Since the last power plan, utilities in the region and outside the region have announced the retirement of coal-fired power plants at dates that precede the end-of-useful-life dates that have been previously assumed in analyses by the Council and others. The Council understands that there is risk in retiring resources sooner than planned, especially coal-fired generation. This scenario explores this risk using the coal-fired generation fleet in the West. There are likely other types of generation that could have retirement dates accelerated based on economics or regulation. The Council did not analyze the likelihood of early retirement for all types of generation. Thus, this should be considered a directional analysis that was used to help the Council understand this observed risk.
Retirement Dates Tested in Scenario
To implement this, the Council assumed that all regional coal-fired power plants were retired by the end of 2026. For coal plants outside the region, the Council assumed that all plants were retired by 2030.
Regional Coal Plant Unit Retirement Scenario Assumptions
|Coal Plant Unit||Nameplate Capacity (MW)||Announced/Existing Retirement Date|
|Baseline Conditions Retirement Assumptions||Early Coal Retirement Scenario Assumptions|
|Colstrip Unit 1||358||2019||Retired||Retired|
|Colstrip Unit 2||358||2019||Retired||Retired|
|North Valmy 1||277||2019/2021||Retired||Retired|
|North Valmy 2||289||2025||2025||2025|
|Jim Bridger 1||608||2023||2023||2022|
|Jim Bridger 2||617||2028||2028||2026|
|Jim Bridger 3||608||–||2037||2026|
|Jim Bridger 4||608||–||2037||2026|
Regional Impacts of Early Coal Retirement
Our analysis shows with this scale of retirement, emissions in the West would decrease just under 40 percent after all the coal plants are fully retired. Emissions in the Northwest would decrease over 80 percent. The emissions reductions are greater in the region because the hydro generation in the region has resulted in a smaller natural-gas-fired generation fleet relative to the rest of the West.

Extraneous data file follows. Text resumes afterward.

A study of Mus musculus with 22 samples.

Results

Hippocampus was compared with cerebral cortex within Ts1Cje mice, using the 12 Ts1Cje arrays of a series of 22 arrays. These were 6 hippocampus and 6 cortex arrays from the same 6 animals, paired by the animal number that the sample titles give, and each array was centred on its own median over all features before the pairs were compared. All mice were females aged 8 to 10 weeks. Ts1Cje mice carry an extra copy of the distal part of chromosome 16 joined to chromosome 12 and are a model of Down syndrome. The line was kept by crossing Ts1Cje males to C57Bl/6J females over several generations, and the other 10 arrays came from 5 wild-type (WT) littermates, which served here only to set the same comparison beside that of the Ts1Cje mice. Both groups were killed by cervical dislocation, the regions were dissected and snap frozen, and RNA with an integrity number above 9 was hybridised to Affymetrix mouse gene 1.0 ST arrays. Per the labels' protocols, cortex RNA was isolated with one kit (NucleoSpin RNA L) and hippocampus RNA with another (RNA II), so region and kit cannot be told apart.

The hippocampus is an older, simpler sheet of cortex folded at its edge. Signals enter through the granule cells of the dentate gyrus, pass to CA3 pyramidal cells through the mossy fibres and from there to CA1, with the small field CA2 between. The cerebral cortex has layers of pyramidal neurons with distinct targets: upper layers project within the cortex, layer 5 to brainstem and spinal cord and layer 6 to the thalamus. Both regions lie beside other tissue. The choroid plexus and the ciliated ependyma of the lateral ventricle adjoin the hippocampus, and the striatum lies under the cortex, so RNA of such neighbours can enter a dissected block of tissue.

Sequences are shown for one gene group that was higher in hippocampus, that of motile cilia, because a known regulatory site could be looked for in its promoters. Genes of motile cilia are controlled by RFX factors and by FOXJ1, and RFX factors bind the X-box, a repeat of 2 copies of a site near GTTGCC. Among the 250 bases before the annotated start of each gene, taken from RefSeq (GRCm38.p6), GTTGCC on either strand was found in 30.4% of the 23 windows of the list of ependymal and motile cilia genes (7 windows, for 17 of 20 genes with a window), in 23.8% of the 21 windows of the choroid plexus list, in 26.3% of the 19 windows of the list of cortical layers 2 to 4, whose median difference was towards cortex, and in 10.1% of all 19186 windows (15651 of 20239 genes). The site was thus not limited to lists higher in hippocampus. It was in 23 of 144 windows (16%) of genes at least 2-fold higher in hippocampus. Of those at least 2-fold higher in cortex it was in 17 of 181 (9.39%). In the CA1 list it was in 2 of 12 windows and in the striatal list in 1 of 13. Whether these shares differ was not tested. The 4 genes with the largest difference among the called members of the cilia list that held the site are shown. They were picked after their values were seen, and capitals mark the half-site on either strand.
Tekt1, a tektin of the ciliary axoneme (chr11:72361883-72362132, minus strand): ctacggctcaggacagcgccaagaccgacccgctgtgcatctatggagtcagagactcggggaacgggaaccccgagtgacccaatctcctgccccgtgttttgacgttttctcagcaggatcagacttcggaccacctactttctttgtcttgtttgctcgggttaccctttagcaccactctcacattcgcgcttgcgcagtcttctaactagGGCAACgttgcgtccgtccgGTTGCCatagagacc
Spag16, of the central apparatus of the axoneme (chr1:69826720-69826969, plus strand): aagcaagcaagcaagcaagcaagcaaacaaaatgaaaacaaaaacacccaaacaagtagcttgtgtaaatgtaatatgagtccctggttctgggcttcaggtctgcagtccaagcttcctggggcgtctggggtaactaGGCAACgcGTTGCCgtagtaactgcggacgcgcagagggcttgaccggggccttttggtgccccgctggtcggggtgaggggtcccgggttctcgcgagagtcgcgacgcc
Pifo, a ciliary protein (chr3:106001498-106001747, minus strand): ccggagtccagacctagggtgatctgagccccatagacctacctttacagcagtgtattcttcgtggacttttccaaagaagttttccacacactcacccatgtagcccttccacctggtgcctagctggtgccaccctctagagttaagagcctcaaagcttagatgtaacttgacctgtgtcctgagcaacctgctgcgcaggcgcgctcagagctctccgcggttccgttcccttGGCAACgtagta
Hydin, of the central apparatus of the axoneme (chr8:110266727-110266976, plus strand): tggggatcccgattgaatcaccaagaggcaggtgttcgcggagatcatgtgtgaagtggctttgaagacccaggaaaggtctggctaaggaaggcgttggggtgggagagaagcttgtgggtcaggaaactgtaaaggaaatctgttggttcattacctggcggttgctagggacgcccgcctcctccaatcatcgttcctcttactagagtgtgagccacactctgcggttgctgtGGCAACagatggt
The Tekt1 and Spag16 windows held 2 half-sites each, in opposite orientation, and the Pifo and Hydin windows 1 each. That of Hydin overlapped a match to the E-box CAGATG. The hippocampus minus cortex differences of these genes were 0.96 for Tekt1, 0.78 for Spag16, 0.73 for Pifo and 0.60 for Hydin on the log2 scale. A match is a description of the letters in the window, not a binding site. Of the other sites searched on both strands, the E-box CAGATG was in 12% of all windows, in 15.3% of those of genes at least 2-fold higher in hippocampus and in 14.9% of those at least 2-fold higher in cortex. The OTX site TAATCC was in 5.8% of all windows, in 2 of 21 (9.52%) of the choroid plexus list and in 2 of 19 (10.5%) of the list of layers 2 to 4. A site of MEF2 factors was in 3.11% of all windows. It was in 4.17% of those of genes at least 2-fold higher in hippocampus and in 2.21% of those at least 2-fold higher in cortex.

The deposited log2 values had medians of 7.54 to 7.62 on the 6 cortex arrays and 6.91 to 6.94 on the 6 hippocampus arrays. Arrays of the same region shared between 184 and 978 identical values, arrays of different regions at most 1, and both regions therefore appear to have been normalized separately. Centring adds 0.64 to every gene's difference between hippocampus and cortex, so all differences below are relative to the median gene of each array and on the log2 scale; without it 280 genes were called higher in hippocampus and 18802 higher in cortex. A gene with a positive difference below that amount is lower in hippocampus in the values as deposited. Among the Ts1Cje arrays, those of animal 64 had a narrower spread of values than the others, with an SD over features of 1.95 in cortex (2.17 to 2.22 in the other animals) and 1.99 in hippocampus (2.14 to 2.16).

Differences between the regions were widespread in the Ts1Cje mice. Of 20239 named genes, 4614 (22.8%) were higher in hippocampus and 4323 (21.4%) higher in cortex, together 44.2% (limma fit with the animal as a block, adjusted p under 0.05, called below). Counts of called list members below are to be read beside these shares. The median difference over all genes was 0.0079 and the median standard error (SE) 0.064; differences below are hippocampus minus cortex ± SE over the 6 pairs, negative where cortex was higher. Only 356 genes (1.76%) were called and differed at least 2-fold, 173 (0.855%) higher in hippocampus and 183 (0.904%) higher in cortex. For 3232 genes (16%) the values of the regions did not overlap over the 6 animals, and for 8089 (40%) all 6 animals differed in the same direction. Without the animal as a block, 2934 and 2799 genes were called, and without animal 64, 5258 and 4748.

Without limiting the types of new generation, the expected resource addition by 2030 includes around 1,400 megawatts of nameplate capacity of new natural-gas-fired generation. Considering the decisions that would lead to early coal retirement, it seems unlikely that new natural-gas-fired generation would be considered for replacing retired coal generation. By eliminating new natural-gas-fired generation from consideration, the expected renewable-energy addition in the region substantially increases.
Average Renewable Build by Early Coal Retirement Scenario
While the Council sees a response in the renewables addition for this scenario, there is relatively little change in the addition of energy efficiency.
Average Energy Efficiency Acquired by Early Coal Retirement Scenario
The Council also sees an expected increase of 7.2 percent in residential electricity bills in this scenario.
 These dates are not intended to represent likely dates that the coal-fired power plants would retire, rather they are intended to be a stress test of the power system and be informative on coal-fired generation’s impact on greenhouse gas emissions.
 For our baseline assumptions we use either the announced retirement dates or end-of-useful life dates used in utility IRPs.
 Idaho Power ended its participation in this unit in 2019.
 PacifiCorp and Idaho Power are still working out details of the accelerated retirement of Bridger 2, this date should be considered tentative.
 For a potential early retirement date for Colstrip Unit 3 and Unit 4, 2025 was selected based on the Washington state utility requirements in the Clean Energy Transformation Act.